From a typically quizzical perspective, Tom Stoppard’s 1974 play Travesties presents the memories and fantasies of an amnesiac elderly man named Henry Carr. Tom Hollander (The Night Manager, Rev) gives the lead character a soft-hearted and generous demeanour to match his risible love for a well-cut suit.

The play presents Carr’s flashbacks – often repeated and facetiously altered – to Switzerland during the Great War. Flying through 1917, we meet a petty, limerick spieling mercenary, James Joyce (Peter McDonald), and bombastic, balding Lenin (Forbes Masson). There’s two women who interlink these characters, and an artist love interest, Tristan Tzara (Freddie Fox). Historically the play’s events are a year or so apart but, don’t worry, it’s all tied together at the end under the disclaimer of Carr’s forgetfulness.

Typically for the playwright, the play starts with a baffling exchange. In a Joycean vein, it switches between languages and ignores syntax, producing a scene of deliberate confusion. It clarifies into what seemed for most to be very witty exchanges. At the risk of sounding ignorant, I’d say the play’s humour works predominantly through old and intricate cultural references that only the ‘typical’ theatre goer might get. Even when I did get them, I often didn’t find them funny. Forgive my perspective as a younger audience member – or don’t, for surely that’s what A Younger Theatre is for.

That being so, the only two children in the audience were sat behind me, and I think proved a good barometer for distinguishing the clever wit from the more universally funny. The latter was lacking. On the surface the characters are famous but it’s the details behind them you need to know. We get into the nuances of socialism and communism, riff on the theme of Oscar Wilde, and pick apart Dadaist nihilism.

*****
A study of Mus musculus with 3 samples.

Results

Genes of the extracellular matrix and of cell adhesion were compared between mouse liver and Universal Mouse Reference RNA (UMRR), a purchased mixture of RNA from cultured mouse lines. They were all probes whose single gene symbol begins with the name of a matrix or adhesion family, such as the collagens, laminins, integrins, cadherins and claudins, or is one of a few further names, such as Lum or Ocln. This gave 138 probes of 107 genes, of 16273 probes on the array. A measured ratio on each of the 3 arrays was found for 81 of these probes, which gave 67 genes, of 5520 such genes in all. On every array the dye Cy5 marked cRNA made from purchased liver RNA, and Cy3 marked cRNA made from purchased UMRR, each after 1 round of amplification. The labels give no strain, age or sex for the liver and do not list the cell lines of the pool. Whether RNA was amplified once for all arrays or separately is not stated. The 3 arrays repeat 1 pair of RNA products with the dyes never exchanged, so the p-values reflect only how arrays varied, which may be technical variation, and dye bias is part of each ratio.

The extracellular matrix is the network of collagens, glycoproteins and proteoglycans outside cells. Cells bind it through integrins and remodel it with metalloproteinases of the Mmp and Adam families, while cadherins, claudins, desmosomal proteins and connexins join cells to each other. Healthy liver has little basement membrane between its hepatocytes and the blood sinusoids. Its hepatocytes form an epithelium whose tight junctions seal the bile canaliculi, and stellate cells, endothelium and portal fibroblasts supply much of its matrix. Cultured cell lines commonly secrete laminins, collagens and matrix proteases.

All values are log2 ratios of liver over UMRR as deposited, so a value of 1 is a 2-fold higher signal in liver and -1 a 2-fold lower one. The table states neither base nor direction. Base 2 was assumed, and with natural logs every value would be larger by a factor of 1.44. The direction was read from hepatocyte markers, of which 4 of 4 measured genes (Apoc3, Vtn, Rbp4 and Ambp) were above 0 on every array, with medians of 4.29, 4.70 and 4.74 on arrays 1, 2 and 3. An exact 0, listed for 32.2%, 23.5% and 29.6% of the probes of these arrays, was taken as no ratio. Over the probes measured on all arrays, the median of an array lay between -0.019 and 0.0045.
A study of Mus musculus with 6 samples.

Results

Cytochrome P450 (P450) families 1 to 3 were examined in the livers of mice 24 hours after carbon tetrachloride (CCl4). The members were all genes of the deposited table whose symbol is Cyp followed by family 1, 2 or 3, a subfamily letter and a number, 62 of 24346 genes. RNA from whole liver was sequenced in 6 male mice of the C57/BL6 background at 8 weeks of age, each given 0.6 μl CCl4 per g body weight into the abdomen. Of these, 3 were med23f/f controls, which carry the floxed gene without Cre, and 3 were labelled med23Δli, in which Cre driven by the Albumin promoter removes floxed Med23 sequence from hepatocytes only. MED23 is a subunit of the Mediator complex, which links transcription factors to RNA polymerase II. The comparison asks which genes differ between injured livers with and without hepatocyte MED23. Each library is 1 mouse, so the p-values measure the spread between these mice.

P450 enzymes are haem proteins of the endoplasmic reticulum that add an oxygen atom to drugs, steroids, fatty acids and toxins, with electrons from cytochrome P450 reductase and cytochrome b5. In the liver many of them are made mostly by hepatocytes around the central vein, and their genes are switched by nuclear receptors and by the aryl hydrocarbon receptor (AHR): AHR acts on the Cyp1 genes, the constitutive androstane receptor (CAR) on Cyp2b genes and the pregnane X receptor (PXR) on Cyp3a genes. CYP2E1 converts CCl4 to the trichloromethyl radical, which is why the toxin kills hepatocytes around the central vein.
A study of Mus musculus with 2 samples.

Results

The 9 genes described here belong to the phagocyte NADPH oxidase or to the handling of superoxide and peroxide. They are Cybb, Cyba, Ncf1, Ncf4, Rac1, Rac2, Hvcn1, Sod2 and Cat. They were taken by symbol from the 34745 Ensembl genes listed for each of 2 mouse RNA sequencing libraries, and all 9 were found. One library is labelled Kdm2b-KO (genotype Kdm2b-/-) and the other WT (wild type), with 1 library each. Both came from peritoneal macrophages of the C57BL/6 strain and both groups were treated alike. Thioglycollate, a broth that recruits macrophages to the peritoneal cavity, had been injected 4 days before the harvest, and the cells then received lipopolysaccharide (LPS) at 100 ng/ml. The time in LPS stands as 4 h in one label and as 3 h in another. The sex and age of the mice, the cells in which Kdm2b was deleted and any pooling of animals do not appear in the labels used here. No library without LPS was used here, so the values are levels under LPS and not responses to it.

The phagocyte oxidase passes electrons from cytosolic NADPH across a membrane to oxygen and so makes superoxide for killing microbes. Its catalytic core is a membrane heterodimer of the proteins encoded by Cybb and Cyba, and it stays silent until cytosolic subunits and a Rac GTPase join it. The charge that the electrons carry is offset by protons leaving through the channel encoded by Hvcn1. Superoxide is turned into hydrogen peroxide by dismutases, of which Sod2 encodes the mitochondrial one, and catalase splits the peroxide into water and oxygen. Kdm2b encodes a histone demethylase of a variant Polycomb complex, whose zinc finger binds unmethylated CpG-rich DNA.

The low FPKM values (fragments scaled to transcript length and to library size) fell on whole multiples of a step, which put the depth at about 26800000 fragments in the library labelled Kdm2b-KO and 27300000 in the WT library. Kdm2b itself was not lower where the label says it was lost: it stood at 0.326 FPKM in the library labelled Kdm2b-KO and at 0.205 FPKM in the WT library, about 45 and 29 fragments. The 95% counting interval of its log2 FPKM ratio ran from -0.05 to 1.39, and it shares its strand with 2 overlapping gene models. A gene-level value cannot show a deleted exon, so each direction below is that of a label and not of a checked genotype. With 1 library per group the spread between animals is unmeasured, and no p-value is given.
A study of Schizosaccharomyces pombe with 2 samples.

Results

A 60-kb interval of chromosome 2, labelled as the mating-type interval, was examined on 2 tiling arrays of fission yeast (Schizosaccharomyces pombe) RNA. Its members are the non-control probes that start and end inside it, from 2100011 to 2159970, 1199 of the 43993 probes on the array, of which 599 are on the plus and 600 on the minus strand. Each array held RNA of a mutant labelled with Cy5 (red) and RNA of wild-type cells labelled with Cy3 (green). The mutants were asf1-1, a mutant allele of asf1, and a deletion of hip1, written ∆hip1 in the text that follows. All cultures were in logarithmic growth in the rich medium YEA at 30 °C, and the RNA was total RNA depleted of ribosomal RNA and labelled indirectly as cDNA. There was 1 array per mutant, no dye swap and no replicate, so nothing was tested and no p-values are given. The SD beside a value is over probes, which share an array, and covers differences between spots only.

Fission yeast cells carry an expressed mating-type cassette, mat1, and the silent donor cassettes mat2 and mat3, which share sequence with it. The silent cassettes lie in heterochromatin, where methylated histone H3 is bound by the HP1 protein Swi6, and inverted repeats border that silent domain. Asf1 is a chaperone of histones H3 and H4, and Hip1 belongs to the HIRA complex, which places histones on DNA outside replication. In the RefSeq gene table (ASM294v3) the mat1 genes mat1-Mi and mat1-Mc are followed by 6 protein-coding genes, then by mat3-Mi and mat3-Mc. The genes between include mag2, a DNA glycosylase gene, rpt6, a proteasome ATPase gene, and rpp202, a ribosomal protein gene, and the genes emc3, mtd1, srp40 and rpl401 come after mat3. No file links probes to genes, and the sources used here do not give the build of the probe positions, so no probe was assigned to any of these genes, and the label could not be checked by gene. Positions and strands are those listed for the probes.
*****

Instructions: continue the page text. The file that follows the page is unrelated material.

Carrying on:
All this is located variously between a library and Carr’s house; the set by Tim Hatley usefully blurring the lines between the two decorated with stacks of books, a set of library steps, and vast carved ash green walls. Carr muses on the purpose of art with various incarnations of the characters in his memories. Does it have a social purpose, an aesthetic definition or a definition at all? This subject, if not much else, certainly transcends its firm location in the early twentieth century.

The production is funniest when Carr’s memories slip into theatrical fantasies, merging into musical theatre and colourfully lit set pieces. These are beautifully directed by Patrick Marber. The comic star of the show Clare Foster, who plays librarian Cecily, comes into her own here producing a quick-fire translation of a Russian exchange between two servants. And she tops that with a fantasy dance for Carr. There’s a touching moment too with Cecily and her new-found friend (and Carr’s sister) Gwendolen (Amy Morgan) who march off arm in arm, sticking to their intellectual principles rather than their respective love interests.

This is a slick production of Travesties with a starry cast who take all the play’s ridiculous elements and produce something very honourable. It should be understood chiefly as an intellectualised farce and the right audience will absolutely adore it.

Travesties is at the Apollo Theatre until 29 April 2017, for more information and tickets see Sonia Friedman’s website.